What’s going to stop you from achieving those big Goals you have? If you’re like most people – the answer is procrastination. And it is never helpful. Research shows that procrastinators end up with higher stress, more illness and lower grades at university. People procrastinate for many reasons. The main ones are that a) a task is too difficult or boring, so they make themselves feel good by doing things that give them an immediate reward, b) the task is too complex (like a project) so they aren’t clear where to start. Instead they decide to do something that is easier to understand or that has more clarity, or c) the reward or consequence of not doing the task is too far away – there is actually not enough stress to get them motivated.
To sum it up very simply, when we procrastinate, we are doing it because we would rather have something right now (comfort, clarity, or tick something off our to-do-list), instead of waiting for something in the future. We opt for a smaller, sooner reward, instead of doing something that will deliver a larger reward down the track.
Let’s say you should really get started on a project that’s due in four weeks’ time. But instead, you decide to check Facebook and answer some emails that aren’t particularly urgent. What just happened?
Now, you could have a bigger reward in the future; If you did some work on that project, then you may not get stressed-out down the track when the deadline comes around. Or you will probably do a better job because you won’t be so rushed, and this might lead to a promotion or at least making your life a lot easier.
But you didn’t do that. You took the smaller, sooner reward.
You opted for something that you could get right now. You got some social connection (Facebook) or maybe a sense of achievement (answered some emails…. tick!), or maybe you just got to do something easy, which made you feel comfortable. Either way you got a little reward right now.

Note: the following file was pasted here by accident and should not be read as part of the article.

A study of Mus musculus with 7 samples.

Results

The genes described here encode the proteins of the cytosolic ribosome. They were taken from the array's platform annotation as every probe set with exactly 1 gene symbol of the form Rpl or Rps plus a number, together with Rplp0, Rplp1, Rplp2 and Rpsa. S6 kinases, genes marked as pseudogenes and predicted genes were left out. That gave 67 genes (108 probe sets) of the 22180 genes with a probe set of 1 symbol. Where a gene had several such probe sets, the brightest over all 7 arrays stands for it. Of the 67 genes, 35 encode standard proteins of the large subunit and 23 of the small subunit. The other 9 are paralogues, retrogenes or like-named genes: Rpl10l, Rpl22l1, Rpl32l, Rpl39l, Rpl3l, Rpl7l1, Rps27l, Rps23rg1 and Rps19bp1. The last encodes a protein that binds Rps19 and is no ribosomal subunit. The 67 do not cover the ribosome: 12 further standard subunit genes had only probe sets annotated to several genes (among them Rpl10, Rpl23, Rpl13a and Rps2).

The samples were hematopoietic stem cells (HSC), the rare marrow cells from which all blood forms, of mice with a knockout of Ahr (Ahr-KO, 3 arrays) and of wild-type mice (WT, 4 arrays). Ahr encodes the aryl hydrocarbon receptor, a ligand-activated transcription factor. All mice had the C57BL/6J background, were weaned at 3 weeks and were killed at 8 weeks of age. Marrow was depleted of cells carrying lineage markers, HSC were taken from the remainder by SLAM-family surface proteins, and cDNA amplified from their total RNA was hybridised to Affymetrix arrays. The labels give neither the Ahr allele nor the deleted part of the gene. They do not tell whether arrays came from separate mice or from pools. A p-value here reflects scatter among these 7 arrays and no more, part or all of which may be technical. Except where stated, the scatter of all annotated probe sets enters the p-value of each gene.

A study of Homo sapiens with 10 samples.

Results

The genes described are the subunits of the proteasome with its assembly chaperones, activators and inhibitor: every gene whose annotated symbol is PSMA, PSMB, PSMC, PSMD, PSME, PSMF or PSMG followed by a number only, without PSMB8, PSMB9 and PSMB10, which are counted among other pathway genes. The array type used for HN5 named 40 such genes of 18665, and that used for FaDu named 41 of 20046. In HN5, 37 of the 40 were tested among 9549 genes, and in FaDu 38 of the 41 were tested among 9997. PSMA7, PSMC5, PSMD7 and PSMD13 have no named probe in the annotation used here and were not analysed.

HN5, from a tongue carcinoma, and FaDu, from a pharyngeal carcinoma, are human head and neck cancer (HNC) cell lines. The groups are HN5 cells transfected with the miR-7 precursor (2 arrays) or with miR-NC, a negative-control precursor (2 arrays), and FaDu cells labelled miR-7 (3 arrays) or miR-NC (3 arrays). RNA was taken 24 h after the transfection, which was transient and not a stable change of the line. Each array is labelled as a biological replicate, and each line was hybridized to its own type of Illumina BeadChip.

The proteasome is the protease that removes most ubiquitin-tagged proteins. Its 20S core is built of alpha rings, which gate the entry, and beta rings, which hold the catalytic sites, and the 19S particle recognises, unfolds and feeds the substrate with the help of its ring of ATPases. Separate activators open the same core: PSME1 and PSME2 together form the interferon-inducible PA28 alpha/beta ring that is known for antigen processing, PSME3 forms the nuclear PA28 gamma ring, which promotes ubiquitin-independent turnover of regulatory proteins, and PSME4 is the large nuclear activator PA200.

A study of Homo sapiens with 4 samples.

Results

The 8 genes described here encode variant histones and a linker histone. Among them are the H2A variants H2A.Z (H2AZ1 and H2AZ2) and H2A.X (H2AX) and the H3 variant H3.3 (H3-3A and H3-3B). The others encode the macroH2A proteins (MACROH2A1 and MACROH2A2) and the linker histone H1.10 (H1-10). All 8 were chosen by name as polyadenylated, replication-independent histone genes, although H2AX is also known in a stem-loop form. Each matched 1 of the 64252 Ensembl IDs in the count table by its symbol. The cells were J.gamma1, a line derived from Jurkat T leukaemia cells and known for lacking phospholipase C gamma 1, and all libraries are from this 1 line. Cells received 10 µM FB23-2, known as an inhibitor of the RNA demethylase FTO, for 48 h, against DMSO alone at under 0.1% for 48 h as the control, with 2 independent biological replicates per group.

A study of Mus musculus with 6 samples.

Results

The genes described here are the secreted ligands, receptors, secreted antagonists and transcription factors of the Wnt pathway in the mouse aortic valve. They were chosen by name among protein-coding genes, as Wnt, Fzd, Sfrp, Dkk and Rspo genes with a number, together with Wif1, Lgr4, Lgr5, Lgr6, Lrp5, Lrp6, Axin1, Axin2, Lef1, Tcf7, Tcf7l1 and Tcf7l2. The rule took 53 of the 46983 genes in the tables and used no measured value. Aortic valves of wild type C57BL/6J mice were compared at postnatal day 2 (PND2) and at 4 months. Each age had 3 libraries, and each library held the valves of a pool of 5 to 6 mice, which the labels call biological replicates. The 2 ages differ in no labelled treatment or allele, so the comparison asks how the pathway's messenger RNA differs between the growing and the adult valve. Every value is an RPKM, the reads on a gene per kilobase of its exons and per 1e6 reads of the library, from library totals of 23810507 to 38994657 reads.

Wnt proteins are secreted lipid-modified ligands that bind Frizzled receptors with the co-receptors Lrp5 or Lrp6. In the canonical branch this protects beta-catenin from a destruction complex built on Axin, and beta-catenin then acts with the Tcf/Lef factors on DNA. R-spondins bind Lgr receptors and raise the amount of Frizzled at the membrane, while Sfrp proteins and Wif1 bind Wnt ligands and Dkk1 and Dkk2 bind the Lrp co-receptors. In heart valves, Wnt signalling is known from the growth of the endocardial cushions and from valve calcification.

And it’s not just you. A lot of people do this. We are actually hard-wired to believe that something we can get right now is more important than something we can get in the future. In evolutionary biology, scientists call it Temporal Discounting
But there are some simple ways to beat procrastination:
1. Connect with your ‘future self’ more clearly
Simply try to imagine yourself in the future, having NOT worked on the project and being under enormous pressure because of the deadline. Imagine your boss getting angry at you, or those sleepless nights. Then maybe also imagine how good you’ll feel if you actually do a great job, with a bunch of time to spare. Thinking of these consequences or rewards in the future will actually help drive up your levels ‘performance chemicals’ like dopamine and adrenalin. These are things you need to get motivated.
2. Create Tiny Tasks
Long term things have almost no end in sight. To combat this, you can always break down this big, overwhelming tasks into smaller five-minute tasks. Even making one phone call, or creating one list, or writing the opening three sentences of an introduction can quickly help you gain momentum. It also creates a sense of achievement and if you can tick off one of two of those to-do-list items, then you actually feel like you’re making progress.
3. Manufacture self-imposed deadlines
Set a timer for no more than 30 minutes. Ask yourself ‘what could I get done in the next 30 mins that will help me get closer to getting this project done. Pick some of those Tiny Tasks you wrote down above and if you just get started, you might find that you continue to work on it once you build get into the groove. The key is don’t get started on the simple task – get started on the harder task.
4. Reward AFTER Small Progress
People usually reward themselves before they’ve actually completed anything. But they don’t even know it. They say “Oh, I’ll just go get a coffee and then I’ll get started.” Or they think “I’ll just read this article and then I’ll get going on that task.” But this is counterproductive because, in essence, it is just procrastinating even more! Once you’ve done your 30 minutes or your five Tiny Tasks, then give yourself a pat on the back. Go get that coffee, or watch that YouTube clip, or read that article that you were going to read in the first place. Rewarding yourself for being proactive is one of the greatest ways to reinforce the behaviour and it gives you something to look forward to.
Try these things to beat procrastination. They’re simple but they are very effective at tricking our hard-wiring.
** Tony Wilson is a Workplace Performance Expert focussed on helping leaders build the environment for high performance. His insights into performance science and it's application in the workplace will make you re-think the way that you approach leadership, culture change, high performance and productivity. Tony has an MBA and a BSc majoring in physiology and combines the two for a different perspective. He is also the author of Jack and the Team that Couldn't See and delivers workshops and keynote presentations around the globe.